How to prevent loneliness in seniors during the holiday season


How to prevent loneliness in seniors during the holiday season

Holidays can be both a joyful and sensitive time of the year. People in your life with mental health concerns and physical limitations due to their advanced age may feel particularly vulnerable during the holiday season. Their limitation with mobility or a recent spell of poor mental health days could be reason enough for them to want to skip family functions. Missing out on important family time can make matters worse, leading to loneliness during an important time of the year for spending time with loved ones.

A large part of the United States population over the age of 65 live by themselves. For family members, it can be easy to get busy and disconnect from those who matter most, to the detriment of their mental and physical health. Loneliness has a way of sneaking in and disturbing all aspects of life. The effects of being isolated, for example, are just as harmful to a person’s mortality as smoking 15 cigarettes a day. Many elderly individuals diagnosed with anxiety or depression also have experienced the feeling of being lonely.

As the holidays approach, here are some common ways to help prevent loneliness among seniors in the name of mental well-being, friendship and family.

Communication plans

There’s never a bad time to pick up the phone and check in on your aging parents or loved ones. Day to day, older adults face living conditions that can be even more difficult due to chronic illness and limited mobility. During the holiday season, communication takes on even greater importance, so you’ll want to be available and proactive about reaching out. As you make plans for family gatherings and special events, keep in close contact with your older loved one to give them plenty of time to prepare for the special days of the season. Your open line of communication is good for their health, can help prevent a medical emergency and gives them something to look forward to.

When things slow down after the holidays, make a point to continue to keep in contact. Setting aside just 30 minutes each week is ideal. This can be a time for small talk and conversations about how they’re feeling from a physical and mental health standpoint. You can also ask for advice and to hear stories if they are willing to share. This constant quality time will help keep your loved one feeling supported, which is great for their mental health.

Help them find other holiday activities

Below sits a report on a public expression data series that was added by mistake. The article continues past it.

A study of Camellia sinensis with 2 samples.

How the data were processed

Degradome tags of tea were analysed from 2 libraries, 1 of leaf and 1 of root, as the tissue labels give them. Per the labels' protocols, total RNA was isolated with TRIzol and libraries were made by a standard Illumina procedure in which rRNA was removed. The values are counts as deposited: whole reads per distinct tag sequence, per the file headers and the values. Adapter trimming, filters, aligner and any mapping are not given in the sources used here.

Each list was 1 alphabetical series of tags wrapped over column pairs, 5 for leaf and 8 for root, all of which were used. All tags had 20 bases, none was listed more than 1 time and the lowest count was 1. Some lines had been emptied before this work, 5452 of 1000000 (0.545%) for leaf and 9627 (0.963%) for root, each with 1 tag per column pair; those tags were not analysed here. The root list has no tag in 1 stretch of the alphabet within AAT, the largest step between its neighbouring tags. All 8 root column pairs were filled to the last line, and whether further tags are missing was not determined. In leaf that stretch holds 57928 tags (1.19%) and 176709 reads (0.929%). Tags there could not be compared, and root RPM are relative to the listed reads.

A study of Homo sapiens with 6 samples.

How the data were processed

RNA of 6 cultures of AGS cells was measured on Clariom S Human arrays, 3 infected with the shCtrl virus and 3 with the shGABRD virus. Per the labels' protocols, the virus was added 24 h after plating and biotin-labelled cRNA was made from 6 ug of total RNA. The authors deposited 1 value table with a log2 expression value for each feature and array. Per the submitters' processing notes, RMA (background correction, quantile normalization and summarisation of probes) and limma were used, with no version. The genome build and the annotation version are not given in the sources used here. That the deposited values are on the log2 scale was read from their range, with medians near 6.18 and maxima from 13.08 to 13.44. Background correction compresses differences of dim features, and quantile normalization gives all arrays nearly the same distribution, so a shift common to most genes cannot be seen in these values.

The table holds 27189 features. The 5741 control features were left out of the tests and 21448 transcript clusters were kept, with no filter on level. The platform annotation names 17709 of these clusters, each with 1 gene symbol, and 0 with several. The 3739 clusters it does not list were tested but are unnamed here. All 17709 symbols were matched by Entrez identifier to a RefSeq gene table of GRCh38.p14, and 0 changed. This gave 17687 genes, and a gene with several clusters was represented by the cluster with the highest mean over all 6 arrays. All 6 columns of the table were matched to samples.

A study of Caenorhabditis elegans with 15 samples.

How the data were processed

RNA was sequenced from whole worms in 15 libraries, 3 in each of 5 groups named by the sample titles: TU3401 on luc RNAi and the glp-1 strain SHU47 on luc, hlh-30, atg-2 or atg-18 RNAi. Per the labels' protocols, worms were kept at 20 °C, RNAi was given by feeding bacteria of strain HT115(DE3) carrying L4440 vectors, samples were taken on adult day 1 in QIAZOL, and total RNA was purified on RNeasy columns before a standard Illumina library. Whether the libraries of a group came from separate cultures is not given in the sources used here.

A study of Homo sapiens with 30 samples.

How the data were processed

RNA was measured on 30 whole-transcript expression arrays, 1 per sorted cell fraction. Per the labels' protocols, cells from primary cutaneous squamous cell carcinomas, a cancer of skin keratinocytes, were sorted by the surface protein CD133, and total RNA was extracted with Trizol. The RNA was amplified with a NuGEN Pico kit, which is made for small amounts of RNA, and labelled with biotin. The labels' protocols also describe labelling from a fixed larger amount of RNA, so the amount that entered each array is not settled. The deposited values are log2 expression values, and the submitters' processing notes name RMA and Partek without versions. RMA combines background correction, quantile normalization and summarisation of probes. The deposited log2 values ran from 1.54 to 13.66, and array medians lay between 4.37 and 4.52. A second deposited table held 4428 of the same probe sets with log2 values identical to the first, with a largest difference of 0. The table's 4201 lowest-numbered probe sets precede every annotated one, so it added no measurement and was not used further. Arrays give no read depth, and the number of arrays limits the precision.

Your family’s company is integral to the well-being of members of all ages. But your aging loved one should also thrive in social activities in their circles. You can help facilitate other holiday social opportunities through various organizations, such as places of worship, community centers, non-profits and online social groups found on neighborhood-based apps. Through these, your loved one can build a network of like-minded individuals to socialize with during the holidays and beyond.

Join in on the fun and offer to tag along to holiday events outside of family gatherings every so often. Being at their side can put them at ease so they can focus on having fun, familiarizing themselves with their surroundings and meeting new people.

Development strategies for interaction at home

Sometimes, staying home is the best course of action during the holidays. Being at home doesn’t have to mean unplugging entirely though. With the help of outside organizations, your loved one can have some extra support and even make new friends. For example, some organizations help facilitate friendships for the elderly. If this is something you think they would be interested in, do a little research and find a company that might be a good fit.

How to prevent loneliness in seniors during the holiday season, Cherished Companions

These additional resources mean your loved one will always have access to a friendly voice and sounding board for much-needed conversations during the holiday season. Outreach services can even be part of your loved one’s routine. It can be a healthy way for them to quickly bounce back from any feelings of loneliness that arise after spending too much time at home.

Promote hobbies and exploration beyond the New Year

When the sun sets on the holiday season, engage and encourage your aging loved one to keep up with their activity level all year round. Learn about their favorite past-times and interests and see what you can do to maintain their participation. As a bonus, their hobbies can produce great gift ideas for birthdays and other special occasions.

Assuming your loved one is less active than before, try to unearth their passion for a previous hobby. With your help, they can reengage and rediscover a sense of adventure and look forward to independent and group interaction.

At Cherished Companions, our caregivers make social engagement a priority and are always watching out for our residents. For further questions, to request resources or to inquire about having your loved one utilize our services, contact Cherished Companions today on our website or call (440) 484-5390.

For further questions, to request resources, or to inquire about having your loved one utilize our services, contact Cherished Companions today on our website or call (440) 484-5390.